The Merry Spinistery: Tales of Everyday Horror
By Mallory Ortberg
Publisher: Henry Holt & Company
Genre: Retellings/Horror/Short Stories
From Mallory Ortberg comes a collection of darkly mischievous stories based on classic fairy tales. Adapted from her beloved “Children’s Stories Made Horrific” series, “The Merry Spinster” takes up the trademark wit that endeared Ortberg to readers of both The Toast and her best-selling debut Texts From Jane Eyre. The feature become among the most popular on the site, with each entry bringing in tens of thousands of views, as the stories proved a perfect vehicle for Ortberg’s eye for deconstruction and destabilization. Sinister and inviting, familiar and alien all at the same time, The Merry Spinster updates traditional children’s stories and fairy tales with elements of psychological horror, emotional clarity, and a keen sense of feminist mischief.
Readers of The Toast will instantly recognize Ortberg’s boisterous good humor and uber-nerd swagger: those new to Ortberg’s oeuvre will delight in her unique spin on fiction, where something a bit mischievous and unsettling is always at work just beneath the surface.
Unfalteringly faithful to its beloved source material, The Merry Spinster also illuminates the unsuspected, and frequently, alarming emotional complexities at play in the stories we tell ourselves, and each other, as we tuck ourselves in for the night.
Bed time will never be the same.
The Merry Spinster is a collection of short stories in the form of retellings. Each is presented in a unique manner with an often unsettling or brooding twist. Some are easily recognizable while others are not so familiar.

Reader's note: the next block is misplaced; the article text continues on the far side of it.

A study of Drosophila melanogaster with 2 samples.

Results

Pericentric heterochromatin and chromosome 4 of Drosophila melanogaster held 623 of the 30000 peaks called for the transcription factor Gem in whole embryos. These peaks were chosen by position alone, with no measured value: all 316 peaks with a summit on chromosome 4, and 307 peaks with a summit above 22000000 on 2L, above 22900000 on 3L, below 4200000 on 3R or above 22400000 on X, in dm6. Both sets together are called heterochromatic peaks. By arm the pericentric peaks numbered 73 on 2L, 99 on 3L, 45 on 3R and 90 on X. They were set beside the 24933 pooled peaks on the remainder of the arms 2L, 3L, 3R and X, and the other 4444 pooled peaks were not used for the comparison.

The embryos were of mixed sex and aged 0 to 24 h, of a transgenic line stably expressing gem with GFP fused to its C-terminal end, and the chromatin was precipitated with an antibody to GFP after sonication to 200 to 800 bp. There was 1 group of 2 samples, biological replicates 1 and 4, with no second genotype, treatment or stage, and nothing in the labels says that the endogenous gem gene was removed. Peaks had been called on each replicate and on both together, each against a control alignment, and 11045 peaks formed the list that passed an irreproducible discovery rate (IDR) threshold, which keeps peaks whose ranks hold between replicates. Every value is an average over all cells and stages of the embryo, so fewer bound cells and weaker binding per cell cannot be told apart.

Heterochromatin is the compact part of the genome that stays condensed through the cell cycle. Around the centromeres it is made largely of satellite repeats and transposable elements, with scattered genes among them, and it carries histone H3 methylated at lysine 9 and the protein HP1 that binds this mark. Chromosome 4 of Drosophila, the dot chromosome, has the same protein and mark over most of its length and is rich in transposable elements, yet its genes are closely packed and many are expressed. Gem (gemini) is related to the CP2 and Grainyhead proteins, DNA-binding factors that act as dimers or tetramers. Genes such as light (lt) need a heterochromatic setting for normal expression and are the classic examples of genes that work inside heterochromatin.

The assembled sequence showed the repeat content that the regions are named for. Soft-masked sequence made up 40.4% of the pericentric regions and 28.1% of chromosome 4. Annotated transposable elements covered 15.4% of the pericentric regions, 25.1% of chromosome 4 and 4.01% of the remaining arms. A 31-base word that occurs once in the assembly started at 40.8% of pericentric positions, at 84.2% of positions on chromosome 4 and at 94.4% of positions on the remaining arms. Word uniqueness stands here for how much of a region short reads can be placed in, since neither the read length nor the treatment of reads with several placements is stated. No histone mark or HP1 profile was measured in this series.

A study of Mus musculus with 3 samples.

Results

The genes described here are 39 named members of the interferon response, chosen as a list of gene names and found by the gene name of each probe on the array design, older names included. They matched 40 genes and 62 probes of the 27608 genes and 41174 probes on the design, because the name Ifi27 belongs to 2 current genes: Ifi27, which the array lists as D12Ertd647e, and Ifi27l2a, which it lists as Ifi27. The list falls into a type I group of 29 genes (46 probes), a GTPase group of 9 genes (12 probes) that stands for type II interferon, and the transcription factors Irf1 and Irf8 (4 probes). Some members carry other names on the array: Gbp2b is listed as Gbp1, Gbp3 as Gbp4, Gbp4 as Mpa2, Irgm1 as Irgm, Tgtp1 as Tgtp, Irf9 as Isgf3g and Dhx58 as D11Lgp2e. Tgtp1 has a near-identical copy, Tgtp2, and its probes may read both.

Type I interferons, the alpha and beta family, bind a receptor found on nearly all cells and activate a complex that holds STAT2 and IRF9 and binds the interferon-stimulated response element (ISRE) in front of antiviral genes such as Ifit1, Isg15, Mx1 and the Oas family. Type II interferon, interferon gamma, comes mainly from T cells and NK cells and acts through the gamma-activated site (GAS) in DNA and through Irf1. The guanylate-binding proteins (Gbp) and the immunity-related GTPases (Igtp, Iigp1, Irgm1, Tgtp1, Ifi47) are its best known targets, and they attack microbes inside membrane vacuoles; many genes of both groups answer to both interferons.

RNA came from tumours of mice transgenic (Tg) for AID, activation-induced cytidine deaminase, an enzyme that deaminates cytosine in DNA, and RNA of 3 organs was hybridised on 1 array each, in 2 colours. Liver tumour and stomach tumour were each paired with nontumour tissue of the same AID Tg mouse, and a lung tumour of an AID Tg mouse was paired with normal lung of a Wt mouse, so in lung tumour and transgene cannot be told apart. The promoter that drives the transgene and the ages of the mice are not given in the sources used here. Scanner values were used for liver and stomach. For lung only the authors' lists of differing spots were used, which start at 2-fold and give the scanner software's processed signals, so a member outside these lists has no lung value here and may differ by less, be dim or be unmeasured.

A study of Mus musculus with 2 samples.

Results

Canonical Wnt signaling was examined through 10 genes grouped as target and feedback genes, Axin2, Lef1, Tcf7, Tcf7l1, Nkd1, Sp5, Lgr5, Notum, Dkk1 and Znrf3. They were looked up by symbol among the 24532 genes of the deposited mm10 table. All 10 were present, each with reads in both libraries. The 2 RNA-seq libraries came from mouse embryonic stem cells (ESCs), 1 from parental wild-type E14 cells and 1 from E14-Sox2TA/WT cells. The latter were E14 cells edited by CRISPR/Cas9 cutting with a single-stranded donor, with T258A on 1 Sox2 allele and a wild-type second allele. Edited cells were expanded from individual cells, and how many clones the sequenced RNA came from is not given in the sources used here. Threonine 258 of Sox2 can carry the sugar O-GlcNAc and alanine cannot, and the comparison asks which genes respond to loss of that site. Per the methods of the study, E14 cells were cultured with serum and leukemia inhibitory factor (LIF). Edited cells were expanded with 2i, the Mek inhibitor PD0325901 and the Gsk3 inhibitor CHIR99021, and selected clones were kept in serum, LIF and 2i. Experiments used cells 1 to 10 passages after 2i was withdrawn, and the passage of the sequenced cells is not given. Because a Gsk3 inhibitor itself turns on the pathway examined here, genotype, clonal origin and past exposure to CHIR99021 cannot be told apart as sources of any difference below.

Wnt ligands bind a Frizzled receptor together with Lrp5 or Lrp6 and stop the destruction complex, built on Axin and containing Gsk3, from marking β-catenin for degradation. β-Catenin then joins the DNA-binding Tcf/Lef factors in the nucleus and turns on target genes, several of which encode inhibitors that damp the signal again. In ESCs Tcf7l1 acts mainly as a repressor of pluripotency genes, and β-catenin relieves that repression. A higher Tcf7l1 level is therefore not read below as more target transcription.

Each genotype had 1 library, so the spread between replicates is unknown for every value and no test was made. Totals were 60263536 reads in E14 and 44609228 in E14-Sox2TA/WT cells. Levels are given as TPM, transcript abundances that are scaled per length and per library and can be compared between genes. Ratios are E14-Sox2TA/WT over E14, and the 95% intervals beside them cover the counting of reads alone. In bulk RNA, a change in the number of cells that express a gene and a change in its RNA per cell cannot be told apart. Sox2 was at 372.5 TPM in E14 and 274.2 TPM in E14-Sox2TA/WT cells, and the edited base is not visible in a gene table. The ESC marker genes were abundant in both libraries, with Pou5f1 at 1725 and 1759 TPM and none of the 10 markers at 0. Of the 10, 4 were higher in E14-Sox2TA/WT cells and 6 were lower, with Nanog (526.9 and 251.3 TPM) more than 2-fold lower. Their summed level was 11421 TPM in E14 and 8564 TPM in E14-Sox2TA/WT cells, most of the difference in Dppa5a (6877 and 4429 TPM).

It is immediately evident that Ortberg offers each story with a distinct prose that is graceful and laden with metaphors. Her writing entices the reader and promises an experience that will be hard to compare to any other. For that alone, I found some appreciation within. But that is not to say I did not struggle with certain elements in the grim and often strange collection.
What I appreciated..
- The elegant prose and truly original re-imagings of childhood classics.
- The author’s ability to find a common ground between the often over the top joyous portrayal of fairy tales we encounter today and their darker, more disturbing origins.
- A set of morally defined tales with an often feministic approach.
- A psychological tactic to presenting discomfort and the unsettling that was refreshing in this genre that is usually riddled with horror of late.
Challenges I encountered..
- At times the symbolism was muddled and bordered confusing. I struggled to make sense out of some portions.
- The brevity of each story frankly limited their impact.
- Stories were a hit and miss. Enjoy one and be tempted to skim the next.
A few of my favorites:
The Daughter Cells
The Six Boy Coffins
Overall, this was an engaging and fast-paced read that offers a nice reprieve from the usual. Ideal for busting up some of the monotony and combatting a slump. Fans will appreciate the familiar and savor the unfamiliar. However, do not expect a significant amount of depth, as brevity is likely to be an issue.
*I would like to thank Henry Holt & Company and Netgalley for this copy. The above review is my own, unbiased and honest opinion.
Serves well with a nice cup of chamomile to settle in for an easy, evening read.